Donegal Racing heads to the Breeders' Cup with homegrown talent


“One of my horses is just getting on the track,” said Crawford, the president of Donegal Racing, the Des Moines-based syndicate he founded in 2008. “This won’t take too long.”

Sure enough, less than 10 minutes later, Crawford was back on the phone, gushing about the way Danny Boy, his 2-year-old colt, had looked during a workout at Santa Anita for Friday’s Breeders’ Cup Juvenile Turf.

“I don’t think he could have looked any better,” Crawford said, catching his breath, before laughing just a little. “But if you ask most any Breeders’ Cup owner about any of their horses—and we have three running—they’ll tell you the same thing. We’re all pretty excited right now.”


“I went there to spend maybe $250,000 on one horse, but ended up spending $400,000 on eight yearlings,” Crawford says. “On the way home, I was mostly thinking about the alimony I’d be facing when [my wife] Linda got the news. Fortunately, my accountants had been paying attention to what I’d been doing [with] the algorithm, and they wanted to go in on a horse. I thought, here’s their chance. And that’s how this whole thing got started.”

Crawford states that unlike most syndicates, Donegal buys only one group of horses each year—usually at the September yearling sale at Keeneland—and his partners buy a percentage of the entire group. So, if one horse strikes gold, every partner has a piece of the action.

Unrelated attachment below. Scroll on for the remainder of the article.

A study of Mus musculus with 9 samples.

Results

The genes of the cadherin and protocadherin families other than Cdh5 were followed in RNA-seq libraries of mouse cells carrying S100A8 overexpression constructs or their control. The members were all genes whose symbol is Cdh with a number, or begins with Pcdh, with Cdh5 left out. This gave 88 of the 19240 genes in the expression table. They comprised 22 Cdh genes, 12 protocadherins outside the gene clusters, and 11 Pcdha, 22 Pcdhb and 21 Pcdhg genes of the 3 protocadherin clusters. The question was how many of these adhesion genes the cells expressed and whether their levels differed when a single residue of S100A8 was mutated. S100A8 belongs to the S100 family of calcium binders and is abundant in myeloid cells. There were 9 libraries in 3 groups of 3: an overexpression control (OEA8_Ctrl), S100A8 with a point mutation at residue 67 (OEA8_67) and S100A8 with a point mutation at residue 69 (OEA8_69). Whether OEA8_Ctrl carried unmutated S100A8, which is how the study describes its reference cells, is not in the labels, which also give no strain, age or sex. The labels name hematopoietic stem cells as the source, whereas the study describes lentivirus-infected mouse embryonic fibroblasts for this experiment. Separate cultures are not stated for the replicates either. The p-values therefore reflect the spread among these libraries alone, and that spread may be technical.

Donegal will send Puca to the starting gate in the Breeders' Cup Juvenile Fillies on Saturday.

Donegal will send Puca to the starting gate in the Breeders' Cup Juvenile Fillies on Saturday.

“This makes it harder and better at the same time,” says Crawford. “Harder because the level of expectations keeps you from sleeping, thinking of what could happen, that your horse could become recognized worldwide as best-in-class. So the anxiety is terrible, but you wouldn’t have it any other way. If you didn’t feel that way it would mean that you weren’t in the hunt.”


Crawford, who says the goal of Donegal Racing is to identify and buy horses who can make it to the Kentucky Derby (and he has had three third-place finishers in the Derby, most recently Dullahan in 2012), has never won a Breeders’ Cup race. He believes this could be the year.


Like all the owners who have descended upon Santa Anita this week, Crawford believes that the Breeders’ Cup is one of the great events in his sport.

“I’m a baseball fan,” Crawford says, “and with the Breeders’ Cup being this time every year, I always think, These horses have made it through the season and the playoffs and now they get to play in the World Series. It’s a great weekend for our sport in every way imaginable.”